Contract Dealer Survey 2019-What They Really Think: Commercial flooring contractors weigh in on the state of the business - Dec 2019
By Darius Helm
While contract dealers face a range of challenges on a daily basis, like subpar jobsite conditions, lack of installers, scheduling and issues with product specifications, they seem most ardent when discussing partnerships. For the contract dealer, fortunes rise or fall based on how effectively the key entities-general contractors, manufacturers and their reps, facility managers, A&D and the contract dealers themselves-cooperate and help each other for their mutual success.
Perhaps the biggest reason why contract dealers are so preoccupied with their partnerships is because of how the business has changed in recent years, with budgets getting tighter and timelines becoming more compressed. When schedules and money are tight, partners are forced into close quarters and adversarial relationships. Everyone is looking for an advantage. Mills will find ways to boost their margins by selling direct. General contractors and their subs will rush through the stages of site preparation, leading to problems like insufficiently cured concrete or improper subcontractor sequencing. Products will be swapped out, sometimes to boost profits and sometimes to maintain relationships with particular manufacturers.
In general, the players in the commercial built environment will work furiously to essentially buy low and sell high. This is of course the nature of business itself, but in this increasingly antagonistic business environment, the drive to protect margins can lead the various entities to lose sight of the bigger picture. As many contract dealers point out, the cheapest options and the lowest bids are not necessarily the wisest choices. For example, in recent years, the industry has been rife with tales of inexperienced contract dealers-often residential flooring retailers that have diversified in search of revenues-winning bids by lowballing and then being unable to successfully complete the job. And when they fail, the whole project suffers.
Poor jobsite conditions, tight scheduling, flooring that is inadequate for the job, insufficient maintenance protocols, a lack of expertise in everything from project management to installation-any and all of these issues can cause a project to fail, and when it does, it reflects on all of those involved. So it’s no wonder that contract dealers are so concerned about improving relationships. Of course, the architects and designers, the facility managers and the general contractors all want (by and large) improved relationships, but each wants improvements on their terms-as in, they all want one of the other wheels in the cog to do more. So it’s not easy to get everyone to see eye to eye.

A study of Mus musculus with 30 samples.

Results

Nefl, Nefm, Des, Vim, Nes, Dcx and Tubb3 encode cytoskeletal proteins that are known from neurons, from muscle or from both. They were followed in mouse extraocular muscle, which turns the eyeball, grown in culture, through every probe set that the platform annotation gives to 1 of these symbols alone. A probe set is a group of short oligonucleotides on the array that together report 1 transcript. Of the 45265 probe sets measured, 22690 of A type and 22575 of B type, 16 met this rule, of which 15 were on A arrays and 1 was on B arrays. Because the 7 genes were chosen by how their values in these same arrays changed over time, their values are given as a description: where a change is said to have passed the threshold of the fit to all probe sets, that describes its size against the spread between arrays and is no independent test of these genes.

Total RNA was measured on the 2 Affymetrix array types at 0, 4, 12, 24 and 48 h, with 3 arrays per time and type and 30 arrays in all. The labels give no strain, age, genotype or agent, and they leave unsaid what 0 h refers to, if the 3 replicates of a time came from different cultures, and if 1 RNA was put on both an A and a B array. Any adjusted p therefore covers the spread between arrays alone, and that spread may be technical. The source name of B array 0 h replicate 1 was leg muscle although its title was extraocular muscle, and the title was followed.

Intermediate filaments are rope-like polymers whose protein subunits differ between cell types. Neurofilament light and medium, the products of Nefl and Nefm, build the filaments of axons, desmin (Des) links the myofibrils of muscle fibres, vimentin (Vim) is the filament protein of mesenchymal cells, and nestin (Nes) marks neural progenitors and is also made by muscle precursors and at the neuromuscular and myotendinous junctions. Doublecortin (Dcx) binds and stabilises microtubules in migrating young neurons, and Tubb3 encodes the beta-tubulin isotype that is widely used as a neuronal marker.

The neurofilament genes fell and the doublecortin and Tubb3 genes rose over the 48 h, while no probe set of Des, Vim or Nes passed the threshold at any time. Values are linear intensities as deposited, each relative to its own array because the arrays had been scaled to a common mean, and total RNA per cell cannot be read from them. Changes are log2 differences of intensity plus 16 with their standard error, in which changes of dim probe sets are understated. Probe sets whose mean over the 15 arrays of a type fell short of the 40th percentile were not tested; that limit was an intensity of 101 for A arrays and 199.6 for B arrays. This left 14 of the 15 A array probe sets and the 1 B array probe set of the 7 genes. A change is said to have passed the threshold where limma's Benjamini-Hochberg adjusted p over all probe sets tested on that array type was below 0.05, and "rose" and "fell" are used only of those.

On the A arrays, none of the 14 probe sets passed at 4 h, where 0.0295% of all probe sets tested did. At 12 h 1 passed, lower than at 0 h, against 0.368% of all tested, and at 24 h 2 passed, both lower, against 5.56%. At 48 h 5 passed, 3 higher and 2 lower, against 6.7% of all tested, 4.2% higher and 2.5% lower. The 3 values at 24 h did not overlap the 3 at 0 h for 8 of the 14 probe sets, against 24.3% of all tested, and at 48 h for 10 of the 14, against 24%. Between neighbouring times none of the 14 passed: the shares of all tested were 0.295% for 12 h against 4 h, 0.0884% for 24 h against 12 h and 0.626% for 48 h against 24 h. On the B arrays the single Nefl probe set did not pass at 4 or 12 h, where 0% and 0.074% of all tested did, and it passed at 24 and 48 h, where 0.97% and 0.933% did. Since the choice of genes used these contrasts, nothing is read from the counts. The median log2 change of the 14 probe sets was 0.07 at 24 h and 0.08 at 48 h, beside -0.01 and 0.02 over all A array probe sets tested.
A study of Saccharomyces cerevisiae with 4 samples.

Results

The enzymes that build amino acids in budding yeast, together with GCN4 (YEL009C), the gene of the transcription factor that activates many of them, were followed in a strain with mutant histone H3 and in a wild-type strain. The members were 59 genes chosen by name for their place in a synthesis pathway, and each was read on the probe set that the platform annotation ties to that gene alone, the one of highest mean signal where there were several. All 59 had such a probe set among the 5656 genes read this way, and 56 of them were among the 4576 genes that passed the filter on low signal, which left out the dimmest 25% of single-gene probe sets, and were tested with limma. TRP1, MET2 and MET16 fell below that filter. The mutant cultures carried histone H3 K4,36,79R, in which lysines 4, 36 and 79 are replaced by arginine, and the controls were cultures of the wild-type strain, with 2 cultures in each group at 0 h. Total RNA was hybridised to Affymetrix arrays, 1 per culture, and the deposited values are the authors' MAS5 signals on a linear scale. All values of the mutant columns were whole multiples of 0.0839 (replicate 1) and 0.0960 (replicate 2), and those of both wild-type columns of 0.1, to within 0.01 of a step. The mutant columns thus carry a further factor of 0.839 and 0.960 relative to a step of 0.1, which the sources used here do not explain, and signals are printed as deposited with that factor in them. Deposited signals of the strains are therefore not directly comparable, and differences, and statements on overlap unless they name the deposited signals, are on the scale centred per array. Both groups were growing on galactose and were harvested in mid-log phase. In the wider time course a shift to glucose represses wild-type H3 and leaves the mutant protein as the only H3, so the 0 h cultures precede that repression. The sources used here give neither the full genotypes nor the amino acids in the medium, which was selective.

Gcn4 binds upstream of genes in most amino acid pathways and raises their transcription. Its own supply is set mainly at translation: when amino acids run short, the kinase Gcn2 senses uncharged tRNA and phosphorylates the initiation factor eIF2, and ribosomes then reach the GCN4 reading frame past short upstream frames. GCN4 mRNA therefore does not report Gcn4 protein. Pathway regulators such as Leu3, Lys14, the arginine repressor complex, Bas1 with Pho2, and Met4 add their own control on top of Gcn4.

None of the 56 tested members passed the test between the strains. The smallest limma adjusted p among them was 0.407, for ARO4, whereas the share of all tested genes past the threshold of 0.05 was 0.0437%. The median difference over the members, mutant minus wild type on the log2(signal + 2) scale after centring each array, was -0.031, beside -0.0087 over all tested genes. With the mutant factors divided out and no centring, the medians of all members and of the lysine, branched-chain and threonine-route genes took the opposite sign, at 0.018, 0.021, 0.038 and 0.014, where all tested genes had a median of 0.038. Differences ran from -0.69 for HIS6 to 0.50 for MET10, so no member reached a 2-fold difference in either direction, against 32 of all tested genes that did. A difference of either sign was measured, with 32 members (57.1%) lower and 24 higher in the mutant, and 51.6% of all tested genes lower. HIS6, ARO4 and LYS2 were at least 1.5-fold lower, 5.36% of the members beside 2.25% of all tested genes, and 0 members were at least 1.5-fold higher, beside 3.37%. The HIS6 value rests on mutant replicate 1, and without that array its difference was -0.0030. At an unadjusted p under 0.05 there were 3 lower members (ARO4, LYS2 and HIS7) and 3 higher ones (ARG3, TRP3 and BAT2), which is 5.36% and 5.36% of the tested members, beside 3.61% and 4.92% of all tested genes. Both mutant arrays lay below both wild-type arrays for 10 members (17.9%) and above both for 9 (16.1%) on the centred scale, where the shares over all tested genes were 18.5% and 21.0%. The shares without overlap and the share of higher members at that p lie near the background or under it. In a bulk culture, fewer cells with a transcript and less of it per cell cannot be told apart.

ON THE BUSINESS
Floor Focus conducted its first contract dealer survey in 2002. And while the business has advanced in many ways over the years, many of the core issues remain, and in some cases have even worsened. For instance, installation is still the top problem, direct selling remains a top gripe and partnerships are still often tinged with distrust.
Over the years, contract dealers have changed the way they are organized. Back in 2002, 80% of respondents were part of a group, but other than Starnet, the groups were all aligned: DuPont Flooring, Interface’s ReSource America and Shaw’s Spectra. Now DuPont is gone and ReSource has largely evolved into a new independent contractor group, which in 2012 was formally named the Fuse Commercial Flooring Alliance, joining Starnet.
This year, 91% of respondents report that they are part of a group-in this case, 62% are with Starnet, another 35% are with Fuse, and the balance are either Shaw aligned or part of more residentially focused groups like FEI. In 2017, 79% were part of groups, and before that it stood at 84% all the way back to 2011.
Overall, 68% of revenues for surveyed contract dealers come from specified business, compared to 73% in 2017, and 21% come from mainstreet business with an additional 4% from the residential market. The rest is mostly commercial maintenance, along with some non-flooring sales.
There has also been a steady shift toward rising revenues, though that’s nothing to get excited about, because there’s also been consolidation in the contract dealer realm, so these entities control more business than they used to. (For more on this consolidation, read this month’s Strategic Exchange on page 12 and 2019 Year In Review, starting on page 27.) This year, 12% report revenues of less than $5 million, which is the same as in 2017, but down from 19% in 2015, 18% in 2013 and 20% in 2011. However, at the higher end gains are less clear cut. About 75% have sales from $5 million to $30 million, compared to 81% last year. And 13% report sales of over $30 million, down from 22% in 2017, but up from 10% in 2015 and 6% in 2013.
This year, surveyed dealers have an average sales force of 9.2 people, up from 6.4 people in 2017. In fact, that’s the highest average since 2005-though again this could simply reflect consolidation. About 5% of respondents report having only one salesperson and 4% have two, while 25% reporting having ten or more and 2.5% claim at least 40.
And about 34% of contract dealers’ salespeople work directly with A&D-compared to 36% in 2017, 38% in 2015 and 39% in 2013-reflecting a slight but clear decline in that relationship.
For the complete Contract Dealer Survey results, see the December 2019 issue of Floor Focus Magazine.